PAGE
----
The day after the U.S. Senate passed an emergency relief bill for coronavirus impacts on American citizens and businesses, total deaths in the U.S. reached 1,000, with over 65,000 confirmed cases.
After a remarkable week when Congress actually seemed to be working across political aisles, the Senate passed the $2 trillion emergency Coronavirus Aid, Relief and Economic Security Act (CARES). The House must now vote, with President Trump pledging to sign the final bill as soon as it hits his desk.
Some House representatives are taking positions against the big-business-bailout portions of the bill—Democrats insisted on strict oversight into how the Treasury Department administers bailout money—while others think the escalation of social supports (expanded unemployment benefits including for independent contractors) may encourage some workers to not return to work, or encourage employers to lay off employees.
The House plans to vote on the bill Friday, even as they work out how to accomplish that with a number of representatives at home in locked-down states, or in quarantine with COVID-19 or symptoms of sickness.
What’s in the bill?
Per the New York Times, $367 billion in federally guaranteed small business loans will be available through community banks to qualified businesses to bridge impacts of coronavirus over the next 10 weeks. Qualified businesses—fewer than 500 employees—can apply for loans provided they pledge not to lay off workers or to rehire workers already laid off; and do not reduce employee wages during that time. While termed as “payroll protection,” businesses may also apply portions of the loan to covering mortgage interest, rent and utilities without jeopardizing loan forgiveness providing they meet certain requirements.
Loans would only be available through June 30 of this year and expire at the end of 2020; loan forgiveness will be contingent on businesses continuing to pay workers through the coronavirus crisis. More details are laid out in this Forbes article along with some insights into related tax issues. (Scroll down to “Small Business Loans.”)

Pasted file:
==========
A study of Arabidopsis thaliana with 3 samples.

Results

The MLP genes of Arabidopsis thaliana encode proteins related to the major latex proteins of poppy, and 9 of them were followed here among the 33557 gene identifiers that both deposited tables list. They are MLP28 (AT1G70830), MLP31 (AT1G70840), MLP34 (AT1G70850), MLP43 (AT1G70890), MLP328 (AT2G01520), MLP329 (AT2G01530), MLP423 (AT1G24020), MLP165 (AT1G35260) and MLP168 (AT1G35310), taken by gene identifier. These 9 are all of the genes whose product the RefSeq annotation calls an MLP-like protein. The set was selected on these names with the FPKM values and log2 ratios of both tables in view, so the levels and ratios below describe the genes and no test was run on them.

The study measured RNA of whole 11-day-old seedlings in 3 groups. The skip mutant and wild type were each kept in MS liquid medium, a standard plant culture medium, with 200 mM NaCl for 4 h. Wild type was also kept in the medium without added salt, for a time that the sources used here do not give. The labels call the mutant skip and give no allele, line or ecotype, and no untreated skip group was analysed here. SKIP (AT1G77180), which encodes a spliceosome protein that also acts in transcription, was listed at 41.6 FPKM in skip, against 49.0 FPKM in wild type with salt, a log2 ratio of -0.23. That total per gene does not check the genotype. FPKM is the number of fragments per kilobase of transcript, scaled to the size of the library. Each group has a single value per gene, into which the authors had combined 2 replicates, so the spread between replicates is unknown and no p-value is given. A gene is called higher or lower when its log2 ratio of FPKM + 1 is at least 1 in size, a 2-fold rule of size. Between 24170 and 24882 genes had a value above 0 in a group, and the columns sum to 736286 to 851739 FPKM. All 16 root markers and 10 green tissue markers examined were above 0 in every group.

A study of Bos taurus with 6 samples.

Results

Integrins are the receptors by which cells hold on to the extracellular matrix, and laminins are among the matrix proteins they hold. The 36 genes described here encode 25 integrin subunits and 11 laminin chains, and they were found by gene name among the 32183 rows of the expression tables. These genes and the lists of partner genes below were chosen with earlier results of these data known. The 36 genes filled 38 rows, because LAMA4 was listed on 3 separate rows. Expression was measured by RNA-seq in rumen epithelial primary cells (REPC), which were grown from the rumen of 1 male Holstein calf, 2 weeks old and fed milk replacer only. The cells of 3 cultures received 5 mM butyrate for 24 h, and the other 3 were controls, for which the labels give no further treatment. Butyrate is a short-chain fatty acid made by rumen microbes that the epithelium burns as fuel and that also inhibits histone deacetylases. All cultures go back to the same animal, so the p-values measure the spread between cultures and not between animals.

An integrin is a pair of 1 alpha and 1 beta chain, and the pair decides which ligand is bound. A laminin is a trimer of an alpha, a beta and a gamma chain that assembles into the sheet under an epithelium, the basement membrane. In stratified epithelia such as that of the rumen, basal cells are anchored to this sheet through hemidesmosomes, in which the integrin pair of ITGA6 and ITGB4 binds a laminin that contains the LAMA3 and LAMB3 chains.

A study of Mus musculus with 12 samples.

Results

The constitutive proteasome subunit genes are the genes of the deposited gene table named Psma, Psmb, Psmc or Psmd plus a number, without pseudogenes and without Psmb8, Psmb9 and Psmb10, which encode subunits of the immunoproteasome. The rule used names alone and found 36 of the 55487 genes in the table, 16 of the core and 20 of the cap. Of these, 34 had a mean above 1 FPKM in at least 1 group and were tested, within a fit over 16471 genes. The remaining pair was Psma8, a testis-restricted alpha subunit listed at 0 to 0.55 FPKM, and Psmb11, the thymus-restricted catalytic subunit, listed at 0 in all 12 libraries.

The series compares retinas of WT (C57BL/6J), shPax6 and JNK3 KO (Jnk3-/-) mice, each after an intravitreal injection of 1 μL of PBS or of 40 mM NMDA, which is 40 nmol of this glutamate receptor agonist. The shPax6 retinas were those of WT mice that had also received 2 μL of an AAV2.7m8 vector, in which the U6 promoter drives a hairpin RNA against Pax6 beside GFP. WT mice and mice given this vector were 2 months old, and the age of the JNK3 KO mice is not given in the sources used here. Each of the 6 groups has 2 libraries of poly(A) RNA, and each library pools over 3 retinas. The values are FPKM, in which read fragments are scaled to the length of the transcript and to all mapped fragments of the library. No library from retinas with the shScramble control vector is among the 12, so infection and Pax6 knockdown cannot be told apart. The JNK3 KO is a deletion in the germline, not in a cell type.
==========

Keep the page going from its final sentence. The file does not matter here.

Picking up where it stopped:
The U.S. Small Business Administration had previously established a Coronavirus portal with some information on applying for low-interest disaster relief loans. No information has yet been posted about the new relief loans, nor any information as to when or how applications will begin. It’s all pending until the House votes.
Note also that the 2020 deadline for filing taxes has been pushed to July 15.
What should you do now?
This is all unfolding rapidly but if you want to start the process of understanding the options available to your business, reach out to your banker. If you have multiple relationships, contact your SBA Preferred banker first. The more you know now, the quicker you'll be able to react once things are finalized. We’ll keep you updated as new information is made available.
The U.S. Chamber of Commerce has also published a Coronavirus Emergency Loans: Small Business Guide & Checklist outlining what you need to know about how to apply for relief under the CARES Act, including eligibility, requirements and application guidelines.
Update Friday, March 27: The CARES Act has been approved by Congress and will be signed by the President by 4 p.m. ET. Even after the CARES bill is signed, it could take at least two weeks to start cash flowing to small businesses applying for the relief loans, which promise more favorable terms than S.B.A. disaster loans. But the S.B.A. online application process has been hampered by heavy user traffic; the S.B.A. is asking people to download applications and submit them by mail or email. That will further draw out application processing. (The fact that many U.S. agencies are partially shut down for their own employees’ safety makes this whole relief effort even more complicated.)
For many small businesses, predicted delays could be the difference between continuing to pay employees, laying off most staff, or shutting for good. Pending today’s expected passage of the CARES Act by the U.S. House of Representatives, the federal government is encouraging local banks to start approving loans to small businesses now. Local lenders will work with the S.B.A. for reimbursement. But even that approach means delays, as local lenders will want to wait for S.B.A. approval and guarantee of reimbursement before releasing cash to local businesses,
A few additional details about the emergency loan program:
Per the New York Times: “Unlike other S.B.A.-backed loans, business owners won’t have to provide personal guarantees or use all their available assets — from real estate to equipment — as collateral. There are no fees, and interest rates are capped at 4 percent.
“The program comes with restrictions: Loans are limited to $10 million, to businesses with 500 employees or less. Businesses that have recently laid off workers would be required to repay a larger portion of their loans, and loans covering salaries of over $100,000 a year wouldn’t qualify for forgiveness.
“Businesses would not have to repay loans covering up to eight weeks worth of payroll expenses. That means that once businesses receive their loans, a new clock will begin to tick: They’ll have to use the money within two months to avoid repaying it.”